The United States said Tuesday the newly formed opposition Syrian National Coalition was "a legitimate representative" of the Syrian people, but stopped short of recognizing it as a government-in-exile.

"We now have a structure in place that can prepare for a political transition, but… we're looking for it to still establish the types of technical committees that will allow us to make sure our assistance gets to the right places," U.S. State Department deputy spokesman Mark Toner said.

The move, which came after talks in Doha, came after Washington pushed the Syrian National Council to broaden its membership, saying it was not representative of all the groups fighting to topple President Bashar al-Assad.


Earlier Tuesday, France went farther – recognizing the coalition as the sole representative of the Syrian people, becoming the first Western country to do so.

"I announce that France recognizes the Syrian National Coalition as the sole representative of the Syrian people and thus as the future provisional government of a democratic Syria, allowing an end to the Bashar al-Assad regime," President Francois Hollande told a press conference.

Meanwhile, the coalition's chief called on world powers to arm Assad's foes, as Arab and EU leaders urged his coalition to seek broader support inside the war-torn country.

The French move came 24 hours after the coalition was recognized by the six member states of the Gulf Cooperation Council: Saudi Arabia, Bahrain, the United Arab Emirates, Oman, Qatar and Kuwait.

Britain has said it wants to see more evidence that the opposition grouping has strong support inside Syria before formally recognizing it as effectively a government in exile.

Damascus ally Moscow has urged the opposition to drop its refusal to negotiate with the Assad regime.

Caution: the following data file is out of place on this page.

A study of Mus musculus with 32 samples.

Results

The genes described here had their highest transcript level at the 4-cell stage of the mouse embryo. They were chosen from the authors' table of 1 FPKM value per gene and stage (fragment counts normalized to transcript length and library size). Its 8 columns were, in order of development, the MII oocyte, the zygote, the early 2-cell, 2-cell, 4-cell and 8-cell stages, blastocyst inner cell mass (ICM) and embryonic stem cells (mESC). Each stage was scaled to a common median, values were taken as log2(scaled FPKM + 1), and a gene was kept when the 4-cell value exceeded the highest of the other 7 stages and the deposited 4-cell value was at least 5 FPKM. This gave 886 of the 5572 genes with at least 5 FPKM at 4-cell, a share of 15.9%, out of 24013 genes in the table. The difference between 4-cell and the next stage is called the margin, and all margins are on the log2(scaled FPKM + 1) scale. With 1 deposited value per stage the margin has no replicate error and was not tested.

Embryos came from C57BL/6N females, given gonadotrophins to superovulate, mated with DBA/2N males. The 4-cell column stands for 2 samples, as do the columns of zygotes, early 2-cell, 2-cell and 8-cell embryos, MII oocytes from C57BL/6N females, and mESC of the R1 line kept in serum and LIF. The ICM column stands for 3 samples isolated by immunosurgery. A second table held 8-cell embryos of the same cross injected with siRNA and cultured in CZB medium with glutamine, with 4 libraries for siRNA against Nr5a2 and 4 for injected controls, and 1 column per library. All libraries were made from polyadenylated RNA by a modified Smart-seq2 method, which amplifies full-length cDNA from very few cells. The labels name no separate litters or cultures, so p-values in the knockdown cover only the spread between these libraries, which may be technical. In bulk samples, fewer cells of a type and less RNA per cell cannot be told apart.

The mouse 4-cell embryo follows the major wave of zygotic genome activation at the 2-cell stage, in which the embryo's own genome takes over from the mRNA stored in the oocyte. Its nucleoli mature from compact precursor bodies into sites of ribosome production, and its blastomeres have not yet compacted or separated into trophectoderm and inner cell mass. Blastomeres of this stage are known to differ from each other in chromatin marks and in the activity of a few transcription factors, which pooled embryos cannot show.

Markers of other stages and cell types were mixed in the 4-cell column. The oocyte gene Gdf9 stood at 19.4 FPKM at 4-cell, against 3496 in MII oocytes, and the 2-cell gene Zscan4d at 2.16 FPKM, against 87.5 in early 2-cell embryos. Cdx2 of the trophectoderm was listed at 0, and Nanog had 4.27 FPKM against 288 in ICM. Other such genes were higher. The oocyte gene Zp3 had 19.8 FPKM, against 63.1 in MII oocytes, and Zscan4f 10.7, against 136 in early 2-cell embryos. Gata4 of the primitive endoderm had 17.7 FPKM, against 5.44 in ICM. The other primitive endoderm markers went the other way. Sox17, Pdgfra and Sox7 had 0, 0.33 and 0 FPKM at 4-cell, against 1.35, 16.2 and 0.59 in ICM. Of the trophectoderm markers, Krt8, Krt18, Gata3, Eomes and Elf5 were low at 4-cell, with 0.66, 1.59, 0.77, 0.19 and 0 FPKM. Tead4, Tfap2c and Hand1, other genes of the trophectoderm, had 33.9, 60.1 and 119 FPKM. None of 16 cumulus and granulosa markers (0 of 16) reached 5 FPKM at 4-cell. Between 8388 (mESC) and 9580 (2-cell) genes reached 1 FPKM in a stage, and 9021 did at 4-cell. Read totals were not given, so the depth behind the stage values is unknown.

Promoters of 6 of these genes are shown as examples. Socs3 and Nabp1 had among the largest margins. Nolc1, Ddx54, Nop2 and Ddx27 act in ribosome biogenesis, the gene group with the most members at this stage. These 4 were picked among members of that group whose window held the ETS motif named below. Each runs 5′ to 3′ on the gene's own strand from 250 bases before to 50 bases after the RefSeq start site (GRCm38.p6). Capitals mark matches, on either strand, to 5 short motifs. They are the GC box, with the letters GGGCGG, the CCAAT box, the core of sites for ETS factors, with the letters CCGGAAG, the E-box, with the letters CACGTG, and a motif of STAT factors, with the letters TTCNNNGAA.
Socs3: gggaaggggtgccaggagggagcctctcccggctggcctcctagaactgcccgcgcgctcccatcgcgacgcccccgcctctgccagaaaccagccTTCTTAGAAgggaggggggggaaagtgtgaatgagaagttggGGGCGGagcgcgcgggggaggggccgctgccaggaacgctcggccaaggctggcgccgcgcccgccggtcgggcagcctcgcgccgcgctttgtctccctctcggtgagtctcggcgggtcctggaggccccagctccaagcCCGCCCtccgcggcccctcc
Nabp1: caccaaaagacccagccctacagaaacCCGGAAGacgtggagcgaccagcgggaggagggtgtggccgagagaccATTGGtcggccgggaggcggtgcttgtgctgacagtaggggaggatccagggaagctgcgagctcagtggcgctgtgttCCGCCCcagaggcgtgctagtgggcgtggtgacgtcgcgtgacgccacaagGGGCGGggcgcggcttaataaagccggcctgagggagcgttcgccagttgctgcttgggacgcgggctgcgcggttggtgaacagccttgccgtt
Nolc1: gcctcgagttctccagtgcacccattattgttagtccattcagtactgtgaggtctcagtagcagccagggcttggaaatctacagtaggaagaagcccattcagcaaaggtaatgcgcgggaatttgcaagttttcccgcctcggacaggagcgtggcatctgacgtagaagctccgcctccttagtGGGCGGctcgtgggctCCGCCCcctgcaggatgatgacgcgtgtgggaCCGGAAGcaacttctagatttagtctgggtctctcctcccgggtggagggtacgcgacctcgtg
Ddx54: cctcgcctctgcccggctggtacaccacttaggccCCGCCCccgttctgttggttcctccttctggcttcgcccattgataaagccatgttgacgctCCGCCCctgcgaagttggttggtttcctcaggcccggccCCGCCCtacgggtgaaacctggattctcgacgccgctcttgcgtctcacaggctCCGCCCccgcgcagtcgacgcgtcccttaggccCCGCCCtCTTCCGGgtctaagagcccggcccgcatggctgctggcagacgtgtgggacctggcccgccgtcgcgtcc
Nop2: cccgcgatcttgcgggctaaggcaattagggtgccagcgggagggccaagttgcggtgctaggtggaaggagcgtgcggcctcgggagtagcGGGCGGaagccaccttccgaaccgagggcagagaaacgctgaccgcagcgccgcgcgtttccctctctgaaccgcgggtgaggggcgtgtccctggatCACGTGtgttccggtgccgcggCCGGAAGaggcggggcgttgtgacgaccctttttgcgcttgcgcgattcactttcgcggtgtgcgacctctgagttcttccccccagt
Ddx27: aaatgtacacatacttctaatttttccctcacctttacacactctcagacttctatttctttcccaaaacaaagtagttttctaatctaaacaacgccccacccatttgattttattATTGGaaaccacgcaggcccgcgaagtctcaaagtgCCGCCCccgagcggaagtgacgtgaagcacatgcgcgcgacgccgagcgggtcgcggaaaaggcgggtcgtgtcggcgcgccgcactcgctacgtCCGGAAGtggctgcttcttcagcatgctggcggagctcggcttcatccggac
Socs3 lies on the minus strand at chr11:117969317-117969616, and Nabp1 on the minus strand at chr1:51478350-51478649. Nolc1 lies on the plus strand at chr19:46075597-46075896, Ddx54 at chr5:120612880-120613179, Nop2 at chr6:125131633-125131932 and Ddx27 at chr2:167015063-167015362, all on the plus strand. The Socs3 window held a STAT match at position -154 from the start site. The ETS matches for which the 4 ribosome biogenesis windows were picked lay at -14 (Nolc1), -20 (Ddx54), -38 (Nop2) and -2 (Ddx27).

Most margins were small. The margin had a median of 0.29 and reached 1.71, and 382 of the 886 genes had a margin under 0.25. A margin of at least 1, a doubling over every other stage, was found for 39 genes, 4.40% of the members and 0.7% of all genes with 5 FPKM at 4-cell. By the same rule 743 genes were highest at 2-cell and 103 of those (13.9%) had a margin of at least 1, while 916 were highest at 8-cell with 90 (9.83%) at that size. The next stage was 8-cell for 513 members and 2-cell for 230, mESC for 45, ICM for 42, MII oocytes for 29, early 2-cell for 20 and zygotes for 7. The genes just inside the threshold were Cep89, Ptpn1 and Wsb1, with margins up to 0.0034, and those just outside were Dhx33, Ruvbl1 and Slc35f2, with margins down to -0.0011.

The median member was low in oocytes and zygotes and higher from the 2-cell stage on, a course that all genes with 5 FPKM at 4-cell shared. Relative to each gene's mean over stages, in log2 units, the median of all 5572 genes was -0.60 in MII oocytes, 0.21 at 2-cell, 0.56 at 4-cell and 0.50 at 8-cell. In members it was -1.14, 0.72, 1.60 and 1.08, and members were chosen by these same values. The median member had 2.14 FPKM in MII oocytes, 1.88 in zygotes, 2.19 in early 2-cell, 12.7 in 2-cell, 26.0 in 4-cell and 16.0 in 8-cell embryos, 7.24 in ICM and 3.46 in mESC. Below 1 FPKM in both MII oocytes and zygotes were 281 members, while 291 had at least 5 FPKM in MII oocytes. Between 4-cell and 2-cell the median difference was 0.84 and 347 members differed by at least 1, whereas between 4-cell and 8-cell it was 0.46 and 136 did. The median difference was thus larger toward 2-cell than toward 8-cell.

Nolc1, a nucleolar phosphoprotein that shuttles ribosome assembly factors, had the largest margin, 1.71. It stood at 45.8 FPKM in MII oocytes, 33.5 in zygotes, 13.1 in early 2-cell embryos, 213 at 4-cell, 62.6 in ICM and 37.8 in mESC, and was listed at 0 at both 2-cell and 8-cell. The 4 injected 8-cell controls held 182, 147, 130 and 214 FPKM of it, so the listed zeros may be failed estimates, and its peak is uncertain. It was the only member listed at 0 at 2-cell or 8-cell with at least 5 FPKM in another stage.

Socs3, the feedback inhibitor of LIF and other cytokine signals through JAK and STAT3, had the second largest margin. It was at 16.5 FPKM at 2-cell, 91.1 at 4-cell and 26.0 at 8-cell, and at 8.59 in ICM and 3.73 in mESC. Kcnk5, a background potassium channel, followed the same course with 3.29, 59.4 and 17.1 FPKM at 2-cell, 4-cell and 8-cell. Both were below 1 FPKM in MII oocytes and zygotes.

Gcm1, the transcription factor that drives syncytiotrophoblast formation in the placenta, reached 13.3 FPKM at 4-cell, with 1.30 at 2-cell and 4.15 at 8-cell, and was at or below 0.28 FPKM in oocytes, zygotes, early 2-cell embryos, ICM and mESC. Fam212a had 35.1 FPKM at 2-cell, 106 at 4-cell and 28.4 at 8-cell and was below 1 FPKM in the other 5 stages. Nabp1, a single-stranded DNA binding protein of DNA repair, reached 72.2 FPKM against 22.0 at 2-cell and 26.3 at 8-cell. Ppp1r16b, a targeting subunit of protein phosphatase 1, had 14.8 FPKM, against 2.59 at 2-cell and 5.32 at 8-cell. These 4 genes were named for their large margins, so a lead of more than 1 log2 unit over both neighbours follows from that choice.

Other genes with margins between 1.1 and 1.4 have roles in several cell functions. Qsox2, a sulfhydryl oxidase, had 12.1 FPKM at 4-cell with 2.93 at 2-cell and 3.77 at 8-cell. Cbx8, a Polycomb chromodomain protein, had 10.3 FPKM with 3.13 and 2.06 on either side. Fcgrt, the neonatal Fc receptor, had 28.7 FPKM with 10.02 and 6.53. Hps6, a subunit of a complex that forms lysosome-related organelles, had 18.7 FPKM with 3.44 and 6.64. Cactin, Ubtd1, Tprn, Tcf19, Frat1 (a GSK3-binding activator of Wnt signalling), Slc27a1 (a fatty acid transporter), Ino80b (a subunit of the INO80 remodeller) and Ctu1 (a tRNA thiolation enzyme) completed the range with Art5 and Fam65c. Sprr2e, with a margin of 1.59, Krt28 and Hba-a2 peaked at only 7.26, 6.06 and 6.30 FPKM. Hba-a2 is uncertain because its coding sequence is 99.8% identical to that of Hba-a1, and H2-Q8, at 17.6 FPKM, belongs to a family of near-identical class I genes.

They plan to form a provisional government once the coalition has been widely recognized internationally.

Earlier, National Coalition leader Ahmed Moaz al-Khatib called in Cairo for the rebels to be provided with "specialized weapons" as they desperately needed arms to "cut short the suffering of the Syrians and their bloodshed."

Mr. Hollande said the question of arming the rebels, hitherto opposed by Paris, would have to be reviewed.

"This question will have to be necessarily reviewed not only in France but in all countries which will recognize this government," he said.

EU foreign ministers meeting in Cairo welcomed the bloc and urged it to bring in more regime dissenters, with Khatib responding that "it is the strongest coalition and represents Syria internally."


Iran, meanwhile, said it will bring parties to the Syrian conflict to Tehran on Sunday to participate in a "national dialogue."

On the ground, fierce battles and army shelling in Damascus province on Tuesday killed more than 40 people, most of them civilians, while warplanes again bombed Ras al-Ain, a strategic town on the Turkish border, a watchdog said.

The fighting in the Eastern Ghuta area east of Damascus came after rebels launched an attack on public buildings in the area, the Britain-based Syrian Observatory for Human Rights said.

The army used tanks to shell several towns east of Damascus, including Harasta, Zabadani and Irbin, killing at least seven civilians including an unknown number of women and children, the Observatory said.

The Syrian Observatory also reported fresh air raids on Ras al-Ain, in northeastern Syria on the border with Turkey, and said 1,000 government troops had been sent to the town.

The air strikes have sent a new wave of civilians pouring into Turkey, adding to the 9,000 refugees who fled late last week when rebels overran the town.

In other violence, the army shelled rebel positions in the southern province of Daraa, in the central province of Homs, in Idlib in the northwest and in the northern city of Aleppo, said the Observatory.

At least 115 people were killed on Tuesday across Syria – 50 civilians, 33 rebels and 32 soldiers – said the Observatory, which relies for its information on a network of activists, lawyers and medics.

The watchdog has given an overall death toll of more than 37,000 since the revolt broke out in March 2011.

The Syrian Arab Red Crescent, meanwhile, estimates that at least 2.5 million people have been internally displaced by the conflict, the United Nations said on Tuesday.